Simpler Ways to Stay Warm


| 1/27/2014 3:29:00 PM


Tags: Insulation, Warmth, Winter, Heat, Thermal, Body, Mammal, Clothes, Clo, Tog, Temperature, Polar, Bear, Ireland, Brian Kaller,

Brian KallerEvery day, it seems, acquaintances send me articles about how to live better or save energy, many of which neglect the most obvious answers. They often report inventions that could increase fuel efficiency by 10 percent, ignoring the 500 percent increase you get from packing more people in a car. Others praise the junk foods with 10 percent less fat, not the people who eat 100 percent less junk food. When it comes to keeping warm in winter, likewise, we often overlook the simple.

We use many times more energy keeping warm than our ancestors did, partly for the reasons I mentioned last time: our houses rarely use the natural energy around them, and they leak the energy many of us import from far away. Most modern homes are many times larger than traditional ones, giving us far more space to heat. Another reason, though, is that inside these houses, more and more of us are alone.

In 1900, only one percent of U.S. residents lived alone, and half lived in households of six or more people. By 2012, 27 percent of Americans lived by themselves, and other Western nations saw similar trends. When extended families gathered under one (small) roof, the entire building could be heated or insulated more easily, and of course when people gathered in the same room, their body heat warmed the air. More people living alone, and fewer people per house in general, means more vast spaces to heat separately. (1)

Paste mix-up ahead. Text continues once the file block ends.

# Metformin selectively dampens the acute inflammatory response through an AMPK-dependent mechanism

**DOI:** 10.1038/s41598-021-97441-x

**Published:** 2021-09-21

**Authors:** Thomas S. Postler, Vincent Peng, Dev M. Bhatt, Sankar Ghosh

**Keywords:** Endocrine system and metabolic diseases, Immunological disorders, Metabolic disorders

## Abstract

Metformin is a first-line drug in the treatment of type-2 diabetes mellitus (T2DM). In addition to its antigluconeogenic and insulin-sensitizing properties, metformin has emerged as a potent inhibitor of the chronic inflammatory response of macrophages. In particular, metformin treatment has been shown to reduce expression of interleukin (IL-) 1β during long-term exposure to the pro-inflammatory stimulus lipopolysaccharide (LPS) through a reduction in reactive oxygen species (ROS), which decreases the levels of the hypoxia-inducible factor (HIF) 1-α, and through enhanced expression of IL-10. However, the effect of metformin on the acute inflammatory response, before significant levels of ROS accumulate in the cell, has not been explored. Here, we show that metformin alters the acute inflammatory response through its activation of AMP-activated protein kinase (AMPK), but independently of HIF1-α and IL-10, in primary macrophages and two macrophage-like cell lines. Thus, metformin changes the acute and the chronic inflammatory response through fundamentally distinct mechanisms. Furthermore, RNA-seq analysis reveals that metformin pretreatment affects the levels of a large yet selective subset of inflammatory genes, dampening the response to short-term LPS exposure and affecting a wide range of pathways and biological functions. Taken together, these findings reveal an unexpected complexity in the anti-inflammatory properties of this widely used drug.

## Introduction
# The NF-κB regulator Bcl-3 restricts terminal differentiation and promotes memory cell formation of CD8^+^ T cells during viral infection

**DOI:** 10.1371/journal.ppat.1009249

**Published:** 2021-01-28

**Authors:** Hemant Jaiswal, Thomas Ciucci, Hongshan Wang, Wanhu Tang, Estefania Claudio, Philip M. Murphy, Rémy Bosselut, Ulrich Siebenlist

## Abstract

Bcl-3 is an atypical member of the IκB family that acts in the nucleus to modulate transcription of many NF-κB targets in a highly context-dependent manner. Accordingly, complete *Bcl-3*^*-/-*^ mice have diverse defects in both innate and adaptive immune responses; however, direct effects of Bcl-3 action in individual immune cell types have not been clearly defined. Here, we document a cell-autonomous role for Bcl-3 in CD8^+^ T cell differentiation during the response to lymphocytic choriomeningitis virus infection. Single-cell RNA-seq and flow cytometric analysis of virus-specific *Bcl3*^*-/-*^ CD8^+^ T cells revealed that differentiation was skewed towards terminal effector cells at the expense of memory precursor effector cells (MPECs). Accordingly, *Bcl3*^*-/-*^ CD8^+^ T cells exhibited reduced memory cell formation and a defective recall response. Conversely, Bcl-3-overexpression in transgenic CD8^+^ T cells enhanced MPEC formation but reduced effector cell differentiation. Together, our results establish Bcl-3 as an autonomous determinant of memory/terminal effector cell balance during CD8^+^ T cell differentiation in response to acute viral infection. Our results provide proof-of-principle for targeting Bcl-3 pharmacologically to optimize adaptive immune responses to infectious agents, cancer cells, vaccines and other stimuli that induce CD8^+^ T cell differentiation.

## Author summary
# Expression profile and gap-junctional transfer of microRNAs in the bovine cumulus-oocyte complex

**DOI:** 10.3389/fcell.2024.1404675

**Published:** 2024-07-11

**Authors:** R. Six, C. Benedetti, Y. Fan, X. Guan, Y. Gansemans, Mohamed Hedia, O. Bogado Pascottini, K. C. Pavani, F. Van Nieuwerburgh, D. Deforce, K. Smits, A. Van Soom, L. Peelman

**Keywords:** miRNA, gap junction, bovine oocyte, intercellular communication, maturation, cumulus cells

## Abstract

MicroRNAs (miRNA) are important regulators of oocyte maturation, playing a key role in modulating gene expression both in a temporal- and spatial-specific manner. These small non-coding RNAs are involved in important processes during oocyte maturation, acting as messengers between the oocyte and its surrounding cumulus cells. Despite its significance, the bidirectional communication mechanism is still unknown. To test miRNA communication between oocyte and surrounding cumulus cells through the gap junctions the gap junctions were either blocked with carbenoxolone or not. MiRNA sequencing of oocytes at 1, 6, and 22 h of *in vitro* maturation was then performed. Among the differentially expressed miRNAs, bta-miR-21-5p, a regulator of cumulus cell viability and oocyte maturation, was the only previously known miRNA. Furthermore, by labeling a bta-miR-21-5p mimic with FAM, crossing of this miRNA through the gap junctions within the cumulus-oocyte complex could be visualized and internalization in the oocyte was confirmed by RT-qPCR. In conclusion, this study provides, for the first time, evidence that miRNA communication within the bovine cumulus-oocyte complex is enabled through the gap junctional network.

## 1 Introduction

For another thing, most of us keep our homes very hot these days. One U.S. organization assumes a normal indoor winter temperature of anywhere from 20 to 27 degrees C (around 67 to 82 F), but the British keep their homes at 17.5 degrees C (62 F), and a few decades ago kept them at 12 degrees (53 F), according to the U.K.’s Building Research Establishment. I don’t have statistics for Ireland, but homes here often feel colder still, and one local woman keeps her windows open during the near-freezing winter. Victorian Britons often slept with open windows – and they lived during the sub-zero nights of the “Little Ice Age,” an era when the climate was much colder than today. (2) (3)

Many old techniques allowed people to remain warm while sleeping, by transferring heat from the fire to some thermal mass and letting it radiate slowly. They put closed pans of hot coals or sand under the bed, or put their bedding atop “bed wagons” that left space underneath for heat sources. Some people in Central or Eastern Europe built masonry stoves, whose winding chimney heated a giant thermal mass of brick or stone – and some had a space for bedding attached to the stove itself, so that the fire would warm the brick underneath the bed. Hot-water bottles accomplished the same purpose with less of a fire hazard, and we still use them in our house through the winter.

If such temperatures sound intolerable, keep in mind that most of us dress poorly for the cold these days, even though we can buy highly insulating and comfortable clothes unavailable to our ancestors. Look at the everyday garments of people two or three centuries ago, and you see that what look like costumes to us were appropriately heavy and insulating. The business suit handed down to us from European gentlemen was made for a cold climate and colder age, even though people continue to wear them in paradoxically air-conditioned offices in Arizona and Florida.